Would you hire this man to manage your investment portfolio? His track record investing our money in his pet projects is not good.
A California solar energy company that was unable to meet a deadline for an Energy Department loan guarantee last year has sought bankruptcy protection in Delaware.
Solar Trust of America’s Chapter 11 filing on Monday listed assets between $1 million and $10 million, and liabilities between $10 million and $50 million.
Solyndra cost the American taxpayer about half a billion dollars. Solar Trust cost us $2.1 billion.
The U.S. Department of Energy has awarded a $2.1 billion loan guarantee to Solar Trust of America for a solar thermal power plant near Blythe, Calif.
The Oakland, Calif.-based company secured the loan for the first phase of a project that will generate 1,000 megawatts of power. Solar thermal power plants use an array of mirrors that focus sunlight onto a single point on a tower. The heat from the focused sunlight heats up water, creating steam that moves conventional turbines to generate electricity.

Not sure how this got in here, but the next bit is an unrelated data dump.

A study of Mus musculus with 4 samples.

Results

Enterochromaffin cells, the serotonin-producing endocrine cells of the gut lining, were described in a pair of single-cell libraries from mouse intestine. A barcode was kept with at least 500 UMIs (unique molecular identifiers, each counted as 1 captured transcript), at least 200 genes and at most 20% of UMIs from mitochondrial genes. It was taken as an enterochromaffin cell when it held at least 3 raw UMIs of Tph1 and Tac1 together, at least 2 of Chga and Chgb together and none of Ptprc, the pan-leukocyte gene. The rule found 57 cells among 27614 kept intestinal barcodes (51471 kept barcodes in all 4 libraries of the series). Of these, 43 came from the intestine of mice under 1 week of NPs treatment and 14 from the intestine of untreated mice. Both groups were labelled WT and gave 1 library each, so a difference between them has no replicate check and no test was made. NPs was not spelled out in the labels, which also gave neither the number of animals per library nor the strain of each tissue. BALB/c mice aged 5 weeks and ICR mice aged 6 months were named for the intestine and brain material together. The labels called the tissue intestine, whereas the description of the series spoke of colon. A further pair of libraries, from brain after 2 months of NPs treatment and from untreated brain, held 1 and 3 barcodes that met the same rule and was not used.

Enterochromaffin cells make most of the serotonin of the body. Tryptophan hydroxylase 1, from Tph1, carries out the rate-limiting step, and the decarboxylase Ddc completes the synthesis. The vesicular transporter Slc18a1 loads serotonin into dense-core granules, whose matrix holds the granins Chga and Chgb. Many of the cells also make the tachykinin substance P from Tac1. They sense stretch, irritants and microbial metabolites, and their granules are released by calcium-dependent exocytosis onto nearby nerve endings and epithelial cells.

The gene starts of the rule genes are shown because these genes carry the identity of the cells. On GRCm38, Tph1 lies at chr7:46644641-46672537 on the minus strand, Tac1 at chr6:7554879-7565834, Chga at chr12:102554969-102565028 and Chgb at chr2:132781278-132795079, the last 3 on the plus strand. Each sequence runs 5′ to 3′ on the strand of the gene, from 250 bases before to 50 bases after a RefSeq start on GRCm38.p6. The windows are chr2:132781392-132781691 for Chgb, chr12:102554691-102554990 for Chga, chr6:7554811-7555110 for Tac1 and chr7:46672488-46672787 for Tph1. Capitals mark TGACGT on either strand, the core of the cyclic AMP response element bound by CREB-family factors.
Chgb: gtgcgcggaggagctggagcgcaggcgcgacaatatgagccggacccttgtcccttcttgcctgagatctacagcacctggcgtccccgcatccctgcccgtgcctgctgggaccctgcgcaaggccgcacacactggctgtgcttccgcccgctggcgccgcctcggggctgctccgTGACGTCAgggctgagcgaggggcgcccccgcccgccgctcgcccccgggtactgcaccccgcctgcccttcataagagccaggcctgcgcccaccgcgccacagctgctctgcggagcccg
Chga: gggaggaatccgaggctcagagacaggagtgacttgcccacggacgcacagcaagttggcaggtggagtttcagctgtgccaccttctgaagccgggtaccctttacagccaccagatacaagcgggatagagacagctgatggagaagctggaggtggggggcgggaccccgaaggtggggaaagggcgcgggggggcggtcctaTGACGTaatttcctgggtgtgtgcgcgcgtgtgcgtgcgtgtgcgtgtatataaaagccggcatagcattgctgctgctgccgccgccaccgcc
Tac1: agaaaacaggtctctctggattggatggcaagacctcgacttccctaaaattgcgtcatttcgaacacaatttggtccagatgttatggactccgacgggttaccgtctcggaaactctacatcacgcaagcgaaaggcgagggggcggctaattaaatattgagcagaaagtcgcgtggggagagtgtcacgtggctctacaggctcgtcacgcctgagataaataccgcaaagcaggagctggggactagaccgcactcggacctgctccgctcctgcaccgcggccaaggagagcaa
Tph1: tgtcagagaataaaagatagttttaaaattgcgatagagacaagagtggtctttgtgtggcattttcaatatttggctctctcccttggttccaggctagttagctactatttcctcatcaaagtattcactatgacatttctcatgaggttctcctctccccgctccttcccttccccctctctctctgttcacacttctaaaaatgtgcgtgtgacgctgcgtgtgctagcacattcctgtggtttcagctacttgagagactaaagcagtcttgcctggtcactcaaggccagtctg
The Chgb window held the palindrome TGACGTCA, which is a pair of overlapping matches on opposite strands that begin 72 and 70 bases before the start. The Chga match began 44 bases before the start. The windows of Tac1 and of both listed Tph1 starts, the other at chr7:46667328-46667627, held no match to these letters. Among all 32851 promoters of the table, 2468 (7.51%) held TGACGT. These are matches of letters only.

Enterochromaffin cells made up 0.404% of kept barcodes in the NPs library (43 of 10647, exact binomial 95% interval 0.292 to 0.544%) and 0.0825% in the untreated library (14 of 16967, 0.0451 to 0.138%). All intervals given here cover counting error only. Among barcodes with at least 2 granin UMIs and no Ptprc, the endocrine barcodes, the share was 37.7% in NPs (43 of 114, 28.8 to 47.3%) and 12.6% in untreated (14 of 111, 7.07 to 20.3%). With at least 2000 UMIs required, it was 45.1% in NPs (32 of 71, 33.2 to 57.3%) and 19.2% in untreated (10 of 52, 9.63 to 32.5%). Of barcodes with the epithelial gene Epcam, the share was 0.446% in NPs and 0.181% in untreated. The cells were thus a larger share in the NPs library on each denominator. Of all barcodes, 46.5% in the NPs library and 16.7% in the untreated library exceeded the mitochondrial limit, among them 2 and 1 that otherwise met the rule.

The loan guarantee means the government will cover the debt Solar Power Trust of America will accrue to finance the project if it cannot pay it back to other borrowers.
Solar Trust has broken that trust. But look on the bright side: The $2 billion lost to them is about the same amount of money Obama poured into Brazil’s offshore oil industry while strangling ours with the permitorium and bureaucratic delaying tactics.
Update: Just for grim giggles, here’s Solar Trust CEO Uwe T. Schmidt writing in the HuffPost about the need for America to keep doubling down on bad green bets. Specifically, he hopes the failure of Solyndra doesn’t stop government investments in green tech like Solar Trust. It surely must be fun to be Barack Obama and Uwe T. Schmidt these days. You get to play with billions in money that isn’t yours. If you win, great, you look like a hero and if you’re the Solar Trust CEO, you get rich. If the bet goes sour, well that’s fine too, it wasn’t your money. And Uwe T. Schmidt and his leadership team probably got rich anyway, since they were gambling with OPM (other people’s money).
Solar Trust. What a perfectly ironic name for this boondoggle.